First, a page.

Capitol Records is among the crown jewels of EMI Music. (Alex Pham / Los Angeles Times…)
The European Commission's competition committee is scheduled Friday to deliberate whether it will approve Universal Music Group's proposed $2.2-billion merger with EMI Music, according to industry officials.
If approved by antitrust regulators in Europe and the U.S., the deal would create the world's largest record company, with a market share of nearly 40%.
Even so, traditional record labels don't wield as much power as they once did in prior decades when they controlled the physical distribution of music to retail stores. The advent of the Internet ushered in an era of rampant piracy and opened up inexpensive ways for artists to distribute their music online without a traditional record company.
European regulators, aware of the diminished power of traditional record companies, this year approved a $1.9-billion acquisition of EMI's publishing business by a consortium led by Sony Corp. The deal also cleared U.S. regulatory hurdles and closed in April.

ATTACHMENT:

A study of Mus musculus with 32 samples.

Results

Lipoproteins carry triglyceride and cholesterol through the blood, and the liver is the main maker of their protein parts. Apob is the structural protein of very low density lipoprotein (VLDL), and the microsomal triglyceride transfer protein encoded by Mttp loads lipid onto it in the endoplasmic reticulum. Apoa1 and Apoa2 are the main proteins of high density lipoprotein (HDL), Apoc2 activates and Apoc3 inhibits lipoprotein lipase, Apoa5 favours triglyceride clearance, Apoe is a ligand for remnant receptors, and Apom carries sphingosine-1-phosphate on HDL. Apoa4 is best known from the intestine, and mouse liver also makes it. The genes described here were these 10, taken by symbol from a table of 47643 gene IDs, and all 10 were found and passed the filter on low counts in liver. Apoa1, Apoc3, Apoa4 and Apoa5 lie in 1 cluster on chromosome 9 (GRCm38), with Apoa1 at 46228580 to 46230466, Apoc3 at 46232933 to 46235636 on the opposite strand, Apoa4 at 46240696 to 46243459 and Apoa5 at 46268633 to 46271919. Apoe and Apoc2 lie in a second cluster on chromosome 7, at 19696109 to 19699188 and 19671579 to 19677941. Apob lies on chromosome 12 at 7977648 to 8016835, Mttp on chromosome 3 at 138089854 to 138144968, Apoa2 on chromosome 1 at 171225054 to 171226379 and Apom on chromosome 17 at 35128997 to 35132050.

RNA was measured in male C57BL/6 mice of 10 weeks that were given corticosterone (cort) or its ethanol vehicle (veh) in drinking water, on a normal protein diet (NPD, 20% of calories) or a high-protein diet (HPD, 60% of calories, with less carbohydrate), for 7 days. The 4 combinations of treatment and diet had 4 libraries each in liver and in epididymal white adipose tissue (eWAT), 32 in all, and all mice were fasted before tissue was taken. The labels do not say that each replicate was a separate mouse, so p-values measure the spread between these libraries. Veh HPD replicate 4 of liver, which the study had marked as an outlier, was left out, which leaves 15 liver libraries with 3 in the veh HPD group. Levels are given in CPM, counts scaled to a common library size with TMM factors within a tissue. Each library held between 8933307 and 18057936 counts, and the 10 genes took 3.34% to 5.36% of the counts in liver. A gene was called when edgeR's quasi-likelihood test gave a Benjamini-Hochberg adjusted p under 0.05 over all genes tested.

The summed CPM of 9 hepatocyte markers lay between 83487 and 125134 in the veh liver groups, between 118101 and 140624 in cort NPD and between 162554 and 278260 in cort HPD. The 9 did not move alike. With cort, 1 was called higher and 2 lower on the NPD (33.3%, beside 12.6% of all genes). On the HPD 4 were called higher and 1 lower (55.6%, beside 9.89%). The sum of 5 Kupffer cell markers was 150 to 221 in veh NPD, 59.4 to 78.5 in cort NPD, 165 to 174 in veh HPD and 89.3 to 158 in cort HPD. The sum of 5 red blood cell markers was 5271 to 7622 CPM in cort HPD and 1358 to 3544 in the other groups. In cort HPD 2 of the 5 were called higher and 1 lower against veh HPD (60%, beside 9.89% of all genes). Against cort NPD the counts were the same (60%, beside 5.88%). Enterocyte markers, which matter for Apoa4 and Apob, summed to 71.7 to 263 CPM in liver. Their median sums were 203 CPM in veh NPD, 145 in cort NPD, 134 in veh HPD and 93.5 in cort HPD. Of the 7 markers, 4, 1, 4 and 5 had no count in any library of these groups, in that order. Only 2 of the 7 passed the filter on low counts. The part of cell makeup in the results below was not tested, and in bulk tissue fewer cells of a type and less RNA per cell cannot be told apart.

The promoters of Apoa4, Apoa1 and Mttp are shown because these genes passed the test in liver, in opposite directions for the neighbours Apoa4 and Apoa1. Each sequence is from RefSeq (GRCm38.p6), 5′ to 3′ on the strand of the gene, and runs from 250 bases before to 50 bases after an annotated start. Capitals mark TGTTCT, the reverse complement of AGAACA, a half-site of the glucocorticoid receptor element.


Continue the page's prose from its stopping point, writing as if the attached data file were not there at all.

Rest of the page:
Universal's transaction has been more fraught, with European officials insisting that Universal shed major assets in order to dilute its market power. Among the requirements was that Universal's share of the recorded music market not exceed 40% in any European country.
Should the committee arrive at a decision Friday, the ruling probably would not be made public for days or weeks afterward as committee staff members draft a full document with supporting legal arguments. European regulators have said they will issue a ruling by Sept. 27.